Posted by Sandbender in StrongLifts.com Forum:
I’ve been doing Stronglifts 5×5 since November 2007. I injured my right shoulder while lifting 3 weeks ago. Pain between spine & shoulder-blade, shooting into biceps.
Prior to that, I’ve had persistent pain in my right shoulder. I think the pain was from holding my right hand out for the mouse plus bad sitting posture. I’m working to address the ergonomics of my desk.
Daily I’ve been doing:
Should I take a break from pressing to allow the shoulder time to heal? Are there other exercises that would assist in strengthening the shoulder girdle?
The Infraspinatus. One of your 4 rotator cuff muscles. The Infraspinatus is a dynamic stabilizer & assists in outward arm rotation. It’s located behind your shoulder & covers your shoulder-blade.
Image credit: A.D.A.M.
How Do You Get Infraspinatus Injuries? Habitual overload or repetitive strain related to outward arm rotation can injure your Infraspinatus. Examples:
- Keeping Arm in Front/Overhead. Driving car with your hands on top of wheel, working on computer without elbow support, etc
- Reaching Back Repeatedly. Controlling computer mouse, forehands in tennis, smash in volleyball, etc
Symptoms of Infraspinatus Injuries. Although the infraspinatus is located behind your shoulder, pain is usually felt in your front shoulder.
- Front Shoulder Pain. Pain down into biceps. Pain feels as if it’s deep in the joint. Side shoulder, neck & shoulder-blade can also hurt.
- Stiff/Weak Shoulder. Shoulder & arm tire out more easily on one side than the other. Muscle imbalances. Stiffness. Arm going numb.
- Restricted Mobility. Reaching back – like when putting on your jacket – is difficult. Lying on your shoulder when sleeping hurts.
How to Treat Infraspinatus Injuries. Other rotator cuff muscle will compensate the weak/injured infraspinatus. This can cause problems in your whole shoulder – like frozen shoulders. Don’t let this get out of hand.
1. Fix Posture. Correct posture when sitting & doing exercises like Barbell Rows or Bench Press is shoulder-blades back & down. Hanging shoulders & flaring shoulder-blades is bad posture. Exercises you can do:
- Shoulder Dislocations. Improve upper-body mobility. 3×10 reps as warmup / on recovery days. Start with a wide grip.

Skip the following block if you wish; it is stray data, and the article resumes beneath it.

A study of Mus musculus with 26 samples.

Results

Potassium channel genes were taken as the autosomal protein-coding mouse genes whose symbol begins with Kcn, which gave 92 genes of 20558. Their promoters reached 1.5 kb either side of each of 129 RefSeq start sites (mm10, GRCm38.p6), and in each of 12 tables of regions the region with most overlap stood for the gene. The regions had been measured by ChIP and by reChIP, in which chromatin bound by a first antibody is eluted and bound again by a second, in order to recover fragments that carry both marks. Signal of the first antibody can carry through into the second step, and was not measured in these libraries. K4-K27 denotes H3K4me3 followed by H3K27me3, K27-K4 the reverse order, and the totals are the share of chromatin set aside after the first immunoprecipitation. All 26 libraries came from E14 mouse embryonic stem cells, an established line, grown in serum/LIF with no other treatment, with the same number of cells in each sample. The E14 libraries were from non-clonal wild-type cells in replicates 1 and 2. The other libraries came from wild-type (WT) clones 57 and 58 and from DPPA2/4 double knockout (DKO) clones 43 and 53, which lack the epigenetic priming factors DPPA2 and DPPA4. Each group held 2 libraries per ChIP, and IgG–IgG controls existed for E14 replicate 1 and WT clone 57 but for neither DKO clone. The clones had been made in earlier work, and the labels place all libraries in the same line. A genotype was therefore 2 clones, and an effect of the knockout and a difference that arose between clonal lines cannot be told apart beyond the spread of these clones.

- Doorway Chest Stretch. Tight chest muscles will pull your shoulders down. 3 sets of 10 seconds post workout/ on recovery days.
- Bike Face Pulls. Strengthen your upper-back & traps. Squeeze your shoulder-blades when pulling back. 3×10 reps post workout.
- Pelvis Realignment. Problems with your shoulders often means problems with your hips. Check for symptoms of lordosis.
2. Trigger Point Therapy. Trigger points are knots in your muscles caused by overstimulation. These can shorten & stiffen your muscles. Movement stresses muscle attachments, which can damage connective tissue & distort joints.
Popping shoulder joints are evidence of joint stress caused by trigger points. Stretches & rehability exercises can irritate trigger points and aggravate your pain. To remove the knots:
- Infraspinatus Massage. Massage your shoulder-blade using a tennis ball against a wall. 20 strokes several times a day.
- Rhomboid Massage. Between shoulder-blade & spine lies the Rhomboid which can also be overworked. Massage it using a ball or Thera Cane like in this video.
3. Prevention. Posture realignment exercises & trigger point therapy won’t do much if you have bad posture the other 20 hours of the day.
- Sit Correctly. Build the habit of sitting with your shoulder-blades back & down. Put a post it on your computer “shoulder-blades back & down“.
- Drink More. The best way to move more when you have a desk job. You’ll be forced to get out of your chair to go to the toilet.
- Switch Sides. Use your left hand for a while so your right hand gets a break. It takes 2 days to build dexterity in your other hand. Persist.
- Quality Chair. Adjustable chair with elbow support so your shoulders stay relaxed. Aeron Chairs or Steelcase Chairs are worth the money.
- Balanced Program. As much pulling (Rows, Pull-ups) as pushing (Bench & Overhead Press). 1 overhead session for each Bench Press session.
Stay away from painkillers. Pain is your body telling you something is wrong. Find out what. Educate yourself. Ask your doctor’s advice. But make sure you treat the causes, not the symptoms.
Take it slowly with weight lifting in the meanwhile. Lower the weight, spend time improving technique & slowly build back up. Don’t worry about strength loss, getting rid of injuries is more important in the long run.